Local residents Deborah and Michael Noble have long enjoyed strolling through Southside Park at T and Sixth streets, taking in the sights and sounds of children playing, and spotting the occasional dazzling great egret.
On their visit Sunday to the park, the Nobles were greeted with a overwhelming, unpleasant smell and a disturbing sight: Southside Park's pond was entirely covered by a white, foamy algal bloom. Dead fish were scattered on the pond's surface.
"The smell was horrible. There were dozens of huge, big fish and hundreds of little fish floating on the water right next to the swimming pool. Everyone was talking about how much it smelled," said Deborah Noble.
By Monday, cleanup efforts had begun at the park, and no visible scum was left on the surface. However, the intense smell of dead fish lingered.
"It smells like a dump and sewage," said Alfred Lobatos Jr., a nearby resident who was out biking with his son, Alfred Lobatos III, on Monday.
Both were perched curiously on the pier right by the crowds of local children playing in the park's playground. They were watching a neighborhood volunteer fish out the remaining dead catfish from the pond, using a branch and some netting.
Earlier they had watched the city's cleanup efforts. "One of the city guys said, 'The water's hot. It's not supposed to be like that,' " Alfred Lobatos III said.
Jose Ibarra, who works on maintenance for the facilities at Southside Park, watched the cleanup crew in action. "They just left with a trailer filled with fish," said Ibarra. "Not full of it, but you know fish are heavy, so they had to come back."
City spokeswoman Linda Tucker said the fish kill was the result of an algal bloom a rapid increase in the population of algae that quickly starved the pond of oxygen, killing fish and plants in large numbers.
A peculiar foul smell at the pond was noticed the week of Memorial Day. The city was contacted and sent out a contracted park management company, which confirmed an algal bloom.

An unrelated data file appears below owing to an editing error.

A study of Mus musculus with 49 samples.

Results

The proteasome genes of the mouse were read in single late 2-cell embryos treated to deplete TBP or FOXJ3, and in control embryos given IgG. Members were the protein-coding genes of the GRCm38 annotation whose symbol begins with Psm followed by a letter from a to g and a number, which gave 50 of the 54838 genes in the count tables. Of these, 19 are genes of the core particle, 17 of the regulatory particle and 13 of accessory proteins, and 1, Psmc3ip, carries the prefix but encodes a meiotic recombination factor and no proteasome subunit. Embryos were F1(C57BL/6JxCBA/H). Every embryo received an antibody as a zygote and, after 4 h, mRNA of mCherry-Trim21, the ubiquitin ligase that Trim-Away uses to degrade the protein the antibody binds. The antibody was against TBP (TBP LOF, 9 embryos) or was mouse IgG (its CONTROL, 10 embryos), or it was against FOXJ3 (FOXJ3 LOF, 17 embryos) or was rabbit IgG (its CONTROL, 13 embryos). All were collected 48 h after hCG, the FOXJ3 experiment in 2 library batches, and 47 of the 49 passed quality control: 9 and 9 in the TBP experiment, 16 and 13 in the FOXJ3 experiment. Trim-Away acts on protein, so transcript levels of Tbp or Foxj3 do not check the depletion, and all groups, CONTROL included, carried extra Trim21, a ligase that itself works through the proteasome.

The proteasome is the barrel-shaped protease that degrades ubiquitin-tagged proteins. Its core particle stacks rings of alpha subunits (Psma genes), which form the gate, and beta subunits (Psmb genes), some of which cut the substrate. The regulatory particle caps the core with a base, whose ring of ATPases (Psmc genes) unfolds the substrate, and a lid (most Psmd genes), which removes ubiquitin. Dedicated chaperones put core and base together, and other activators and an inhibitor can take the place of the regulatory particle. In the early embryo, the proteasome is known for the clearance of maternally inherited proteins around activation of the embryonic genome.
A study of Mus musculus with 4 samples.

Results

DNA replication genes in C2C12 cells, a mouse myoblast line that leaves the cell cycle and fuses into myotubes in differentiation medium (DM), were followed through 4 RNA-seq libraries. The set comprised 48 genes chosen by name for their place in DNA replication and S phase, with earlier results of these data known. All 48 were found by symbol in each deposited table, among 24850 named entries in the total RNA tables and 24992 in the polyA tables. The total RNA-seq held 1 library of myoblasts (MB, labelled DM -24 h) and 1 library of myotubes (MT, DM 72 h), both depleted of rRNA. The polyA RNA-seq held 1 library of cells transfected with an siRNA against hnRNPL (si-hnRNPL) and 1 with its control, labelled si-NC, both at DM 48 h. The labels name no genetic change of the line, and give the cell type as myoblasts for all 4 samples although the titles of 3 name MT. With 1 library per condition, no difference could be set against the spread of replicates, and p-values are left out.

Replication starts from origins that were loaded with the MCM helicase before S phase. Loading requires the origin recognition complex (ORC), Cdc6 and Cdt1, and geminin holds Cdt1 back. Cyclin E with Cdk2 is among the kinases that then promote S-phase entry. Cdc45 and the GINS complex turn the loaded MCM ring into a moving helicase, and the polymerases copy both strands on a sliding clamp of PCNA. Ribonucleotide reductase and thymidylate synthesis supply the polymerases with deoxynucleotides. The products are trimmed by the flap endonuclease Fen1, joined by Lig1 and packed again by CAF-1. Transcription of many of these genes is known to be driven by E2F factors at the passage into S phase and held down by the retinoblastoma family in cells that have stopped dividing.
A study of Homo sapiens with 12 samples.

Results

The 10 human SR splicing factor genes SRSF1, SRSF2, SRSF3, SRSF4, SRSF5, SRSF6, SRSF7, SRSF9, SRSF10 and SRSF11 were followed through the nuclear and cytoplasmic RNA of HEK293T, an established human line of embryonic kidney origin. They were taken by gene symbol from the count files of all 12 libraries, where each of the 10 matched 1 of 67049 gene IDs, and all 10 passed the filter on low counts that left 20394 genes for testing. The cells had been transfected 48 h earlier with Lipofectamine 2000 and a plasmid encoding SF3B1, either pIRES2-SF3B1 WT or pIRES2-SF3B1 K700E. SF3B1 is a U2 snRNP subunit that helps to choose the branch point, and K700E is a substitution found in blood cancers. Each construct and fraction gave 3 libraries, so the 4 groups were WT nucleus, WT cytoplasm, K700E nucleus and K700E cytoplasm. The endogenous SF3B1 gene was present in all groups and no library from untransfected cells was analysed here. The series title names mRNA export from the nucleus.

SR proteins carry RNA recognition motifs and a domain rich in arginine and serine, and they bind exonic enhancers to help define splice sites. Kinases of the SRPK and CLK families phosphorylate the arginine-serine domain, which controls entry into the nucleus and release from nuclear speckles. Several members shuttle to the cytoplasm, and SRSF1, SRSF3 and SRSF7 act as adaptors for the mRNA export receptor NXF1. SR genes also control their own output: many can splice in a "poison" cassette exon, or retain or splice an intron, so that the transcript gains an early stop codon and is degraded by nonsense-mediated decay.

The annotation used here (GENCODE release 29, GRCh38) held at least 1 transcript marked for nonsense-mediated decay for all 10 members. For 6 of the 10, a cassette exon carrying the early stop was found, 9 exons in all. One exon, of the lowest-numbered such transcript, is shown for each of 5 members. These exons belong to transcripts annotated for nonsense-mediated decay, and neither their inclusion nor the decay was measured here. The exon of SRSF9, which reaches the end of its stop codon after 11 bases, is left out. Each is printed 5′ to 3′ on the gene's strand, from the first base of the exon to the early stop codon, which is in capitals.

The company administered a nontoxic treatment on Thursday. But record heat hit Sacramento on Friday and Saturday.
Tucker said she is certain only one treatment is necessary, and that as the pond's health improves, the smell will dissipate.
About 30 dead fish were removed Sunday morning and about 80 dead fish were removed Monday. Tucker said the city would be out every morning until the situation is resolved.
Tucker was thankful that a voter-approved sales tax is providing funds to help maintain ponds in city parks. "As a result of Measure U, we now have the resources to hire a pond management company, helping us keep the ponds as healthy as we can," she said.
There were no other reported fish kills in the 230 parks across the city.
Southside's pond is particularly susceptible to algal blooms and fish kills. Tony Ulep, Southside Park's supervisor, said similar incidents have occurred at least half a dozen times in the past 13 years.
The exact cause of these algal blooms is uncertain, but Tucker noted that the pond is very shallow 16 feet at its deepest point and that it was stocked with a lot of fish.
The Nobles have been residents of the area for 20 years.
They said that 10 years ago there was a similar algal infestation. "There weren't dead fish, but there were two-headed frogs," said Michael Noble.
Tucker said the health of the pond is under city jurisdiction, even though the fish are stocked by the state's Department of Fish and Game.
Noble said a neighbor was visibly upset by a sight that he witnessed: "He noticed some of the remaining live fish sucking at clean water coming from a pipe, trying to get oxygen before they died."
Call The Bee's Ellen Le, (916) 321-1031.